About Keychain Management
Keychain management allows you to create and maintain keychains, which are sequences of keys (sometimes called shared secrets). You can use keychains with features that secure communications with other devices by using key-based authentication. The device allows you to configure multiple keychains.
Some routing protocols that support key-based authentication can use a keychain to implement a hitless key rollover for authentication. For more information, see the Cisco Nexus 9000 Series NX-OS Unicast Routing Configuration Guide.
Lifetime of a Key
To maintain stable communications, each device that uses a protocol that is secured by key-based authentication must be able to store and use more than one key for a feature at the same time. Based on the send and accept lifetimes of a key, keychain management provides a secure mechanism to handle key rollover. The device uses the lifetimes of keys to determine which keys in a keychain are active.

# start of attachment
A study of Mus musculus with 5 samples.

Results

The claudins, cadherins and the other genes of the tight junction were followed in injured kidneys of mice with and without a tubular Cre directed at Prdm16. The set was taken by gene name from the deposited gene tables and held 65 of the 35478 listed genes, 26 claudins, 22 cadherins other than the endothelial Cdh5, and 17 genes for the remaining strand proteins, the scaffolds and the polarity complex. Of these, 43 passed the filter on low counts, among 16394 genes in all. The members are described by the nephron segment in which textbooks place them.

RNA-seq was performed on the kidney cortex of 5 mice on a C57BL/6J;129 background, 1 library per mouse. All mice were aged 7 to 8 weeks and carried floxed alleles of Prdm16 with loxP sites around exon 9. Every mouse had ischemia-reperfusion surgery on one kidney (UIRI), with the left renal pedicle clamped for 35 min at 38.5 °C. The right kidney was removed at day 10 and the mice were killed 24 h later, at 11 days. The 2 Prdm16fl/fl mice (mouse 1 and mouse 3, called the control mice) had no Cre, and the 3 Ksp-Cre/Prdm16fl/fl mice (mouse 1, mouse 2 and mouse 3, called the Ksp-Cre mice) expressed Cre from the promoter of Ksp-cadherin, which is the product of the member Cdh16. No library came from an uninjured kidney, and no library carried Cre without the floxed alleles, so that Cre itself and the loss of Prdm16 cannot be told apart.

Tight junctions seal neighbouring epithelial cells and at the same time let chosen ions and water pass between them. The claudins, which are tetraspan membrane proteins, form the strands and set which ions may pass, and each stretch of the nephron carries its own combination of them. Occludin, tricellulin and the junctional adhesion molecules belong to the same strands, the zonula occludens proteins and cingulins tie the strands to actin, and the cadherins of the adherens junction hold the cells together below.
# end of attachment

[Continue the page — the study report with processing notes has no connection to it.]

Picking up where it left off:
Each key in a keychain has two lifetimes, as follows:
- Accept lifetime
The time interval within which the device accepts the key during a key exchange with another device.
- Send lifetime
The time interval within which the device sends the key during a key exchange with another device.
You define the send and accept lifetimes of a key using the following parameters:
The absolute time that the lifetime begins.
The end time can be defined in one of the following ways:
The absolute time that the lifetime ends
The number of seconds after the start time that the lifetime ends
Infinite lifetime (no end-time)
During a key send lifetime, the device sends routing update packets with the key. The device does not accept communication from other devices when the key sent is not within the accept lifetime of the key on the device.
We recommend that you configure key lifetimes that overlap within every keychain. This practice avoids failure of neighbor authentication due to the absence of active keys.